An Electoral Vote Forecast Formula: Simulation or Meta-analysis Not Required
It’s very surprising that election forecasting blogs and academics who use the latest state polls as input to their models don’t apply basic probability, statistics and simulation concepts in forecasting the electoral vote and corresponding win probabilities.
A meta-analysis or simulation is not required to calculate the expected electoral vote. Of course the individual state projections will depend on the forecasting method used. But the projection method is not the main issue here; it’s how the associated win probabilities are used to calculate the expected EV, win probability and frequency distribution.
Calculating the expected electoral vote is a three-step process:
1. Project the 2-party vote share V(i) for each state(i) as the sum of the poll share PS(i) and the undecided voter allocation UVA(i):
V (i) = PS(i) + UVA(i), i-1,51
2. Calculate the probability P(i) of winning state (i) given the margin of error (95% confidence):
P (i) = NORMDIST (V(i), 0.5, MoE/1.96, true) , i=1,51
3. Calculate the total expected electoral vote EV as the sum:
EV = ∑ P(i) * EV(i), i = 1,51
The 2004 Election Model allocated 75% of the undecided vote to Kerry and projected that he would have 337 electoral votes (99% win probability) with a 51.8% two-party vote share. The unadjusted, pristine state exit poll aggregate provided by exit pollsters Edison-Mitofsky 3 months after the election indicated that Kerry won 52.0% of the vote with an identical 337 electoral votes.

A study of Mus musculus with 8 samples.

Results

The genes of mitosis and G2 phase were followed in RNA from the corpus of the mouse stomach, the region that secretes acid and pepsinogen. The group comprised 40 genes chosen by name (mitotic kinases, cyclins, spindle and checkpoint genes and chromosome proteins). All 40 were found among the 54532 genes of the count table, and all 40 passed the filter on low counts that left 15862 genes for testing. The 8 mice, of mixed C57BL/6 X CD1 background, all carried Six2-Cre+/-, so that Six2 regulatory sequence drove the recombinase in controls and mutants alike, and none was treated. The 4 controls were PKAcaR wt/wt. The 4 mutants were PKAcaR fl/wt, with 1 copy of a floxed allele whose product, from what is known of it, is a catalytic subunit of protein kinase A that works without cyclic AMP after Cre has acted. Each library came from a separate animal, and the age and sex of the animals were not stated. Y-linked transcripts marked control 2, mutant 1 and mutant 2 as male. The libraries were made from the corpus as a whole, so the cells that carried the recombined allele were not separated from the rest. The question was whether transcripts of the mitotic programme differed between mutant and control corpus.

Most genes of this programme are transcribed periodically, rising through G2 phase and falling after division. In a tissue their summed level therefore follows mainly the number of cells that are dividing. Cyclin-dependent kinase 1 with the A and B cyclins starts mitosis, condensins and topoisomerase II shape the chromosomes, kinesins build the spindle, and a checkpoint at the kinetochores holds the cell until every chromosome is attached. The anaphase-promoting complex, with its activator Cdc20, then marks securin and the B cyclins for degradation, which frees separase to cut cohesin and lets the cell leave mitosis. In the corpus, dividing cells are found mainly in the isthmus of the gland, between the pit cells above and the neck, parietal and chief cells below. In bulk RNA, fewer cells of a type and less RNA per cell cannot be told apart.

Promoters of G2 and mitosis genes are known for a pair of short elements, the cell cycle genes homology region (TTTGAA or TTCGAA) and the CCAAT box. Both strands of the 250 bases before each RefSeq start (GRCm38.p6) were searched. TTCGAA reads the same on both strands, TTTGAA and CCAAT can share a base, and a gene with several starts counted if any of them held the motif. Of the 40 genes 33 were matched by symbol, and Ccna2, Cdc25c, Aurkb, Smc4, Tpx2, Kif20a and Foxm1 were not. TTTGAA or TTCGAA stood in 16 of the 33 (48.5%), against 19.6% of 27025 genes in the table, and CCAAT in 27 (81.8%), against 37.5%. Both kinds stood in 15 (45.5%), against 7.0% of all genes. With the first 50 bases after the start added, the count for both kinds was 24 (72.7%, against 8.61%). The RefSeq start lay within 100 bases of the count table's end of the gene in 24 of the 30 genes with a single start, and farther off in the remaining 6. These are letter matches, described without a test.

The challenger is expected to win the
majority (60-90% UVA) of the undecided vote,
depending on incumbent job performance.
After calculating the individual
state probabilities, we can calculate the EV win probability. The best, most
straightforward method is
The average electoral vote is
calculated for the 5000 election trials. Of course, the average will only be an
approximation to the theoretical value based on the summation formula. But
the Law of Large Numbers (LLN) applies: the EV average and median are usually within one or two electoral votes of the
theoretical mean. The close match between the
The 2008 Election Model includes a sensitivity (risk) analysis of five Obama undecided voter (UVA) scenario assumptions ranging from 40-80%, with 60% as the base case. This enables one to view the effects of the UVA factor variable on the expected electoral vote and win probability. Electoral vote forecasting models which do not provide a risk factor sensitivity analysis are incomplete.